Baptismal Renewal


The highlight of the Easter Liturgy among early Christians was the baptism of those who had been in long and arduous training in preparation for the great day of their incorporation into the Church. This assured them not only of the support and care of an extended family in a harsh and capricious world; it guaranteed them also the reward of eternal life through the forgiveness of sins and the operation of God’s grace. In witnessing Easter baptisms, the existing faithful were enabled and encouraged to remember their own baptism. In late antiquity, Bishops in their Easter sermons ‘provoked the remembrance of the sound of the splashing of water in the baptismal font, of the smell of the oil used in the anointing, of the feel of the textures of the white garments on their skin, and of the taste of the bread and the wine at the table of the Lord’s Supper’ (Martin Connell). With baptism the climax of the Easter ceremonies, the people of God were able to see and understand that their own humanity had been redeemed and wonderfully restored.


The development of the doctrine of Original Sin, however, and the concomitant fear that the unbaptised would suffer an eternal loss, led to the practice of infant baptism, early in a child’s life, irrespective of the time of year. Just as the humanity of Christ had been degraded in the anti-Arian fervour of the later fourth century, the Church would now lose the liturgical opportunity to celebrate at Easter the humanity of humanity itself, and to contemplate its own value in the divine plan.


Our contemporary liturgy retains the faintest of echoes of what went before: on Good Friday in the solemn prayers we remember ‘those to be baptised’, and it is usually possible to find a candidate or two to be initiated on Easter Day at dawn. The Roman Catholic ‘Rite of Christian Initiation of Adults’, an initiative which grew out of the second Vatican Council, has managed successfully to recapture some of the Church’s early baptismal practice, and there has been some attempt in our own Anglican Communion to learn from this.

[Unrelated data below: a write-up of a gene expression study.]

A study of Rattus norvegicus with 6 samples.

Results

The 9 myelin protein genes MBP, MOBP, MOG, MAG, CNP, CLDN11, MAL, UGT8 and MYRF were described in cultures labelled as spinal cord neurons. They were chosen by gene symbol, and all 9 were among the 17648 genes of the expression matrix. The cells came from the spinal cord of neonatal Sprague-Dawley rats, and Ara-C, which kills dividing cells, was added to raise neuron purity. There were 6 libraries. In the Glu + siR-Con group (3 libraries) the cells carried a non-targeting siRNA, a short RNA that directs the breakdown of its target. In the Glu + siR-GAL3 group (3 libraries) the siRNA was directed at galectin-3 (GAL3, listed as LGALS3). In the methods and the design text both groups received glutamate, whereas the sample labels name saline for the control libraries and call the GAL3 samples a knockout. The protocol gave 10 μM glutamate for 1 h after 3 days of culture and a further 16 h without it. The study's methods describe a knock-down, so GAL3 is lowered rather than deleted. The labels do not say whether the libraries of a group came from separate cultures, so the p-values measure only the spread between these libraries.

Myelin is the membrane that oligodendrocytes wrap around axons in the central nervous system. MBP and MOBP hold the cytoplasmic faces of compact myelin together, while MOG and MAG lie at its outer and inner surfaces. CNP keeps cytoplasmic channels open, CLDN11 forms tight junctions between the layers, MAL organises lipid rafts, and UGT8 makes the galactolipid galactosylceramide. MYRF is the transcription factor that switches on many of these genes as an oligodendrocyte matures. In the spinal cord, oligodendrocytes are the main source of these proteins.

For many of us, however, our only opportunity to celebrate our baptism comes at Easter in the Renewal of our Vows, either at dawn or in the later mid-morning Eucharist. It is an opportunity to be seized. Although many of us cannot remember the water, oil, fresh garments and warm bread of our own baptismal experience (even supposing such a wealth of symbol to have been employed) we must imagine and reconstruct that experience through the modest means of words spoken, and drops of water catapulted through the air from a sprig of rosemary. In this ‘aquatic communion’ with our Lord we discover afresh who we are, eternally cherished and commissioned for participation in the royal priesthood of Jesus Christ. Whereas the Church’s ministers (clergy or not) renew their ministerial promises on Maundy Thursday, the whole people of God, all over the world, are invited and urged to use this great day of Easter for celebrating our vocation (than which there is none greater) to be the baptised presence of Christ in and for the world.


Many speak of the heightened emotion, the tears and joy attendant upon a renewal of marriage vows. Just as intensely should this be the case when we renew our intimate and eternal union with Christ our Lord and our Spouse.